To judge by conventional talk show standards, Tommy Tiernan makes for an awful interviewer.
The host of The Tommy Tiernan Show (RTÉ One, Saturday, 9.35pm) shows up unprepared, sometimes failing to recognise his guests as they are announced, feeling his way through a conversation with little context and no apparent structure.
All this, of course, is what makes him such a great interviewer. The rules of the talk show were made to be broken.
In an age of polish, Tiernan’s panic is brilliantly subversive.
“You’re probably all wondering – the hat, like,” he says by way of introduction, before talking us through his bald spots. Good luck concealing anything in a show where even the host’s ego must be punctured.
Now in its third series, the idea is as simple and as terrifying as what I assume to be Ryan Tubridy’s recurring anxiety dream: flying blind before a live audience, through a series of one-on-one interviews.
The effect is electric, not because it is a masterclass in improvisation, but for the same reason a tightrope walker becomes more riveting without a safety net. More to the point, this is how people reveal themselves; not in prepared confessions but by gradually discarding their carapaces, not in straight lines but circles.
For the first episode Tiernan gets three very different people to work with. “You have some stories to tell,” he says to Paul McGrath, hoping to prompt them. Perhaps he can afford to speak so hesitantly to someone so familiar: Ooh … ah … Paul McGrath.
“Yeah,” McGrath says finally, when more baited hooks yield no bites.
But McGrath, the orphan turned soccer star, legend turned alcoholic, wounded survivor, cuts a vulnerable figure these days and Tiernan is wise to approach cautiously. “You seem very gentle,” he says. “It depends on what someone’s doing with me,” says McGrath.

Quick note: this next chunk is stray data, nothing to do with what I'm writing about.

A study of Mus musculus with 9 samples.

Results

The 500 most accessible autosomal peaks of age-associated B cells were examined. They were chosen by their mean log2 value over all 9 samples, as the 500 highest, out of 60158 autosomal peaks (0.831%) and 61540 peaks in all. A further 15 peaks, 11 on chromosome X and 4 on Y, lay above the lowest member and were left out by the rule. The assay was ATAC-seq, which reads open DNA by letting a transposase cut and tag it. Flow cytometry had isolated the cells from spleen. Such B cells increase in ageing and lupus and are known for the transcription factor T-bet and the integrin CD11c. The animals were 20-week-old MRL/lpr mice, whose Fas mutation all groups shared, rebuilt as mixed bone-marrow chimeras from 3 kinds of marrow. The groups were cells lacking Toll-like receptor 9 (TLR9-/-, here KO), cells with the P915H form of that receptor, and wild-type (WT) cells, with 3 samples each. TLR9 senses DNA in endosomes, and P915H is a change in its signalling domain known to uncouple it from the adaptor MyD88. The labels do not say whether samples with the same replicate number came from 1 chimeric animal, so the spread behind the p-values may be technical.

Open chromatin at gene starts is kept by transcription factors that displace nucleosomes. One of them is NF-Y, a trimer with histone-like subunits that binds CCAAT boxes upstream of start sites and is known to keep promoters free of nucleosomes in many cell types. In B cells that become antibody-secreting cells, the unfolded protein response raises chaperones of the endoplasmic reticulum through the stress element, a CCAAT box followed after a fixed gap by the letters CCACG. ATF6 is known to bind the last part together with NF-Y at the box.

But even a gentle interview, given time, will solicit bruising truths.
“You’re drinking by yourself,” Tiernan clarifies at one point, without judgment.
“I close the curtains, sit there and just drink,” says McGrath. “Lately I’ve started to talk to myself. I’m a bit worried about that.”
If confidence is the root of McGrath’s problems, as he describes it, Tiernan’s next guest Ciara Beth Ní Griofa, a 19-year-old with autism, has found her own way to build it. The developer of an app that coaches autistic people to become comfortable with eye contact, it’s probably not surprising that she should also take control of the interview.
Unfamiliar with her, Tiernan’s face is a frown of concentration and befuddlement, struggling to make a connection. But, one dumb joke notwithstanding, he lets her lead, and the artlessness of his questions allow for illuminating answers.
To be autistic, Ni Griofa tells him, is not a loss: “Every person has a challenge, it just happens that mine has a name.” Indeed, when she explains of her autism, “people are not predictable and this bothers me greatly”, you can appreciate the challenge here for both of them.
If the amiable golf star Shane Lowry is a little easier to anticipate ("It just seems there's no craic in it," Tiernan jokes of golf's discipline), we also get candid responses to Tiernan's more brazen questions. He asks frequently, and unembarrassed, about money ("It's almost like bad manners to talk about it") with a comedian's licence to broach private subjects.
Lowry, who recently took more than €1m at a tournament in Abu Dhabi, seems genuinely indifferent to fortune, though, and more fascinating on misfortune. "You end up being miserable at home," he says of missing out on the top spot. "You're not nice. Little things piss you off."
In Tiernan, they all find someone who seems a rare breed in contemporary talk shows - a genuine listener. What does it say about the format, that this refreshing approach seems like the riskiest strategy of all?